Laundry

How long can I leave wet washing on the clothesline?

To run out to retrieve your clothes when the rain starts or leave them for longer?

Say that there’s a sprinkle of rain, or even a downpour, how long can you leave them out there for? There’s no definitive guide, but the longer you leave them damp, the more chance there is that mould and bacteria will begin to breed. There’s also the chance of rain spots leaving dirty marks on your clothes.

Are you the type who races out to bring the washing in at the first sign of rain, or would you leave it on the line until it dries, even if that means waiting days? A Mumsnet forum discussed this divisive question. “I’ve been on a washing mission today and put the last load on the line at around 4ish. It’s not dry and so not likely to be by tonight,” one mum said. 

There were mixed opinions, but many were in favour of leaving clothes on the line for as long as they need to be dried, even if that means leaving them overnight. “I pegged mine out at 10. Hopefully it will be dry by tomorrow morning,” one user wrote. Another added: “I’m just going to hang mine out now. Obviously it won’t get wet given the current heatwave, but during wetter weather, I don’t mind if it gets a soaking and takes a bit longer to dry; the rainwater softens the fabric.” 

If you’re stuck with a lot of rain, drying your washing inside could be another option but has its down-sides. A study by the Mackintosh School of Architecture in Glasgow found the water in your washing adds another 2.5 litres of moisture to the air per typical load.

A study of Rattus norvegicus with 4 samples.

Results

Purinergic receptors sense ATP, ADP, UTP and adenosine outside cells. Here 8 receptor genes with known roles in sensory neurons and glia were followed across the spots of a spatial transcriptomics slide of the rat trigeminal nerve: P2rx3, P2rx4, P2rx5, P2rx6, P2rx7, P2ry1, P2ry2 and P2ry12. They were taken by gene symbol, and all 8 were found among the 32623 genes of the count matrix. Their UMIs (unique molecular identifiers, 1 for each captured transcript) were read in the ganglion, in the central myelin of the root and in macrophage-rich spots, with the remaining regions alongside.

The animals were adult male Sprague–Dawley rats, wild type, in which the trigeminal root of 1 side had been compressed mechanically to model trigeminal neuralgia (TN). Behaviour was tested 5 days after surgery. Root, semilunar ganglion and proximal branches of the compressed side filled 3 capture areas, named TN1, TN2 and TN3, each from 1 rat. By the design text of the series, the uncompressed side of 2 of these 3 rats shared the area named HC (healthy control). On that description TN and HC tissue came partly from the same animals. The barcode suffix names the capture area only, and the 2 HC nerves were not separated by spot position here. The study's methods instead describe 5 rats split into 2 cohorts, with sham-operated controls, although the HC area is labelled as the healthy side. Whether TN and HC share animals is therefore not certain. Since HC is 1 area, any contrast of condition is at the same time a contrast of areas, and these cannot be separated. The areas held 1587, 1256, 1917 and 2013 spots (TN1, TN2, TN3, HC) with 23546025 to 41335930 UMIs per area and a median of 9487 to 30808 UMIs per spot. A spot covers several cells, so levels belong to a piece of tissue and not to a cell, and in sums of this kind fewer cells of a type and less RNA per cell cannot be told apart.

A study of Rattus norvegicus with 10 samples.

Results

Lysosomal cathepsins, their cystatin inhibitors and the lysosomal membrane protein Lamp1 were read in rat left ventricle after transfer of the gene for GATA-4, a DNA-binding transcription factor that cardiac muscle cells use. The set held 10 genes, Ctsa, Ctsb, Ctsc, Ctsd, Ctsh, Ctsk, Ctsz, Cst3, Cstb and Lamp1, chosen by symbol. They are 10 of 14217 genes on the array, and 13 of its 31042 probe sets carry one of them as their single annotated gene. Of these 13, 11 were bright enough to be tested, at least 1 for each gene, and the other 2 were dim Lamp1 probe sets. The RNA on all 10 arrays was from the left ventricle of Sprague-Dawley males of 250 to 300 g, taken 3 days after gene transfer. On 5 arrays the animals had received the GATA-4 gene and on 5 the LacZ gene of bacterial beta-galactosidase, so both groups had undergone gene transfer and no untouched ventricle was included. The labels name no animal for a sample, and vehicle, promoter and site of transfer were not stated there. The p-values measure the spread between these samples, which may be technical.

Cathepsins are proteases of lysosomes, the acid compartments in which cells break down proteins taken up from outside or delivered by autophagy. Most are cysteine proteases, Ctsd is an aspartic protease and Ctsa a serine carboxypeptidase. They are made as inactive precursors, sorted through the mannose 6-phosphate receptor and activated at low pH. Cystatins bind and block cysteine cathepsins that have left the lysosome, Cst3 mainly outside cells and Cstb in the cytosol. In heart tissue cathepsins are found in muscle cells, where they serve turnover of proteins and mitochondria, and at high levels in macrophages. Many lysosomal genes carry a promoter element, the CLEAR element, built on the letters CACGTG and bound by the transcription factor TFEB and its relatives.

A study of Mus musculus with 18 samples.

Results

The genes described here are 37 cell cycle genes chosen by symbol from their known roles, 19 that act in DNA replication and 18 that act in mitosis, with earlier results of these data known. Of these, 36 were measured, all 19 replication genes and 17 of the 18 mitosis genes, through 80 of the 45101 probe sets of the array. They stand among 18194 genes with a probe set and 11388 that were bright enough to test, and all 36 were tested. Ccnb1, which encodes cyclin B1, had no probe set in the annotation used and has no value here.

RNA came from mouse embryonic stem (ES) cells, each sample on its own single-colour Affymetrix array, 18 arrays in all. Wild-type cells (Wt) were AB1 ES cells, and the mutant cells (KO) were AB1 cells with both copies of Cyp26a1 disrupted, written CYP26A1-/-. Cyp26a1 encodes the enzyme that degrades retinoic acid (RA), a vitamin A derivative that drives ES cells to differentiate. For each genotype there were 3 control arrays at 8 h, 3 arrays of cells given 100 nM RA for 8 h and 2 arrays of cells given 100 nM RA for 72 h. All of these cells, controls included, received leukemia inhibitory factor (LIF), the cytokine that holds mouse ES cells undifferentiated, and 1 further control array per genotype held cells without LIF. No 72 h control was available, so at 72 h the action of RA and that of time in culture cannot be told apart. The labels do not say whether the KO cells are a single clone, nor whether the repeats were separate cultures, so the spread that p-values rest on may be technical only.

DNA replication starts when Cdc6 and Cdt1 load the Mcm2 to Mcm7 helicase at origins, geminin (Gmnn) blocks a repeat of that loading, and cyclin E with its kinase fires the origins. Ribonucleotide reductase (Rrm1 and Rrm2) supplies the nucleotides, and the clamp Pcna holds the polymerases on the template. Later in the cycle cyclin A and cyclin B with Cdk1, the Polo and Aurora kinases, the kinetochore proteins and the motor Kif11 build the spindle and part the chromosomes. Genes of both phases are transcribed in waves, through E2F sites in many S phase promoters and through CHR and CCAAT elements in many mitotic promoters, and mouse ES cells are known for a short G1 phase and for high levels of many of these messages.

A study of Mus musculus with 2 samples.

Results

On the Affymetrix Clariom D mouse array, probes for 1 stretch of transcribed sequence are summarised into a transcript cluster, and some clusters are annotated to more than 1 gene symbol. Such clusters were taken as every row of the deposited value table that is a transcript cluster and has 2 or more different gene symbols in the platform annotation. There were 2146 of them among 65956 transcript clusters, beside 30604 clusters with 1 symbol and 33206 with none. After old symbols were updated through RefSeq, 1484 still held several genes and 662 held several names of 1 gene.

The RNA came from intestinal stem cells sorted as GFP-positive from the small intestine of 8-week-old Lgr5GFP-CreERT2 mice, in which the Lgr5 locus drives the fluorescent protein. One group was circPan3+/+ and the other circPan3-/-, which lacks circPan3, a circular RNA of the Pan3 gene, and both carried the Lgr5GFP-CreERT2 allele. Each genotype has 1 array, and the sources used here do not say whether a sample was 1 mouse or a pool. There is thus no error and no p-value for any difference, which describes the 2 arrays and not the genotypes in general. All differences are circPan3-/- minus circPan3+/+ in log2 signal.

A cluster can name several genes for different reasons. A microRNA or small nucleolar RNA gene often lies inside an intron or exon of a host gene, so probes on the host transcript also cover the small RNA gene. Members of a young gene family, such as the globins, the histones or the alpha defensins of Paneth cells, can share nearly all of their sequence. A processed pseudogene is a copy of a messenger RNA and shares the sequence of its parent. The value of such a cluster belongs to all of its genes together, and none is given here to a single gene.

The study mentions three main health risks associated with indoor drying:

  • Moisture and excess dust mites were an asthma risk
  • A high mould spore count was bad for asthma and eczema
  • Indoor drying combined with fabric softener could deliver a potentially hazardous and carcinogenic chemical cocktail.

So it’s really a personal choice at the end of the day… and how soon you need clean, dry clothes!

Should you bring your pegs in or leave them inside?

There are those among us who love to collect the pegs with our washing. Then there are those who like to leave them up on the line, always.

While we wish we could say there’s no right way, it’s definitely better for the longevity of your pegs to bring them inside. That way they’re away from the harsh outdoor elements.

Sun and rain will quickly wear down plastic and rust metal, so if you leave them out it won’t be long before you’ll have pegs falling apart and needing to be replaced.

Although it’s extra effort, it’s worth it to pop your pegs in a basket and bring them inside when they’re not being used.